The rapid growth of travel search firm Skyscanner from less than 30 employees seven years ago to more than 750 worldwide today generating huge revenues, underlines the extraordinary value that a technology company can create by executing successful globalisation.
It is no mean feat to match Skyscanner’s growth which involved new bases in Barcelona, Budapest, Sofia, Miami, Singapore, Shenzhen and Beijing. It now has 80 per cent of sales outwith the UK and serves as a great (but not isolated) example of a company that has maximised global opportunities from Scotland.
Scottish Equity Partners (SEP), an investor in Skyscanner since 2007 and its largest shareholder, has supported its expansion through acquisition, joint venture and organic growth. The global push is continuing with strong growth coming from Asia-Pacific underpinned by a joint venture with Yahoo! JAPAN and its Chinese acquisition Youbibi.
Calum Paterson, Managing Partner at SEP and a non-executive director of Skyscanner says: “When we invested in Skyscanner the rationale was to help it internationalise. It has done this incredibly well, thanks to a combination of great technology, great strategy and great execution. It has enormous potential for further growth.”
The challenge facing CEOs is to make sound choices on critical issues including: prioritising markets; which functions to base overseas; the best talent pool and cost base; whether to buy or build an operation; and the legislative environment. For Skyscanner, targeting Europe first, helped avoid a head-to-head battle with larger US rivals in its early days and enabled it to steal a march in key geographies although for some companies, the US or Far East may be priorities.
Andrew Davison, a Partner at SEP, says size and scalability of a company’s domestic market can dictate the speed at which it moves into other markets. In any case, companies supported by investment partners with international experience are better equipped to seize opportunities and to mitigate risk.
Davison says a successful international partnership can even lead to a takeover offer. “Establishing a constructive commercial relationship that puts you on the radar of a potential acquirer without putting out a ’for sale’ flag can be a good approach.”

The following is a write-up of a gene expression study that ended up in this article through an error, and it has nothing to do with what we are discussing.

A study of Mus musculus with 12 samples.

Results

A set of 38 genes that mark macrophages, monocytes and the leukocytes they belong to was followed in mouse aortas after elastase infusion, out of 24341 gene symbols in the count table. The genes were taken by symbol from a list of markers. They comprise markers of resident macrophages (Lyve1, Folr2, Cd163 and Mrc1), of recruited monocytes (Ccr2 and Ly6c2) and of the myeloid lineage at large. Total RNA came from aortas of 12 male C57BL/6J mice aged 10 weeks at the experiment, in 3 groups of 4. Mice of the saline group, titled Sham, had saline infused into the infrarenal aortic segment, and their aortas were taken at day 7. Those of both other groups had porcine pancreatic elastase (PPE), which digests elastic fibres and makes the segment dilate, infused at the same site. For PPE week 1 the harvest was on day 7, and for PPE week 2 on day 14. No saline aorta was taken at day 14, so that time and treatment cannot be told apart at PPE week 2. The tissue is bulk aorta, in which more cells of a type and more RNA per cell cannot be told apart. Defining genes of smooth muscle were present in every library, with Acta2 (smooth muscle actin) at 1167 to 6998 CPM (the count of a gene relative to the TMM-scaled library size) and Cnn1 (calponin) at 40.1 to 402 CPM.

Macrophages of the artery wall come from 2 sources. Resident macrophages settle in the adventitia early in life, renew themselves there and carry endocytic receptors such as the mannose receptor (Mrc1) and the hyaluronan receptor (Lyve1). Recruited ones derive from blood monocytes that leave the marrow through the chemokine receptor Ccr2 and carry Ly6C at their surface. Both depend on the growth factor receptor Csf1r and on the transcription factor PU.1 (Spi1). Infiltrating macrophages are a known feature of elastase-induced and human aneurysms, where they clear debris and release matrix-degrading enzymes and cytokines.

A key advantage for e-commerce firms is they may not require investment in physical infrastructure to internationalise. However, they do need a robust IT infrastructure to support growing sales, an effective marketing strategy. and potentially a customer support team if they operate across time zones.
Davison is a non-executive director of matchesfashion.com, a luxury fashion retailer which secured funding from SEP to upgrade its technology platform to support e-commerce growth and manage stock control and order fulfilment. The company, which began with four London shops, now has 85% of sales online, shipping worldwide from a UK warehouse. SEP helped attract Ulric Jerome as new CEO, bringing on board his experience of taking online retailer PIXmania into 20 countries.
Having the right executive team to lead global expansion is vital. One of the founding team may fulfil the role but recruiting people with local knowledge and experience can be highly beneficial, says Jan Rutherford, a Partner at SEP with a focus on healthcare companies.
An investment partner with a strong international network can help with C-suite recruitment as well as finding partners and premises, adds Rutherford. “When Skyscanner was expanding into Russia we all pooled contacts with experience of working there and we did the same for our healthcare companies moving into the US. Internationalising your board before you internationalise the company can significantly accelerate growth in priority markets,” she adds.
Healthcare company Abcodia benefited from SEP’s experience of helping UK companies move into the US. Prior to launching its ROCA® ovarian cancer screening test in key US states, Abcodia appointed a new non-executive director with significant experience of building medical diagnostics companies in the United States and he helped recruit a US Vice President whose network has been invaluable in establishing the US commercial operation.
Rutherford says it is also important to reduce administrative and cost burdens for companies moving into new markets and to advise on corporate structure, tax and banking. “One of our companies struggled to find a suitable banking partner that would service their needs on both sides the Atlantic so we introduced them to Silicon Valley Bank who are experienced in managing international banking for venture-backed technology companies.”
The key lesson for technology companies looking to internationalise from a Scottish base is that access to the right contacts can open the door to exponential growth.
Scottish Equity Partners (SEP) is a leading UK venture capital firm recently named ‘Venture Capital Firm of the Year’ at the Unquote British Private Equity Awards 2015.
SEP is a sponsor of EIE Invest 2016 an investor showcase of 60 Scottish technology companies from the Life Sciences, Energy and ICT sectors that takes place on May 12 in Edinburgh.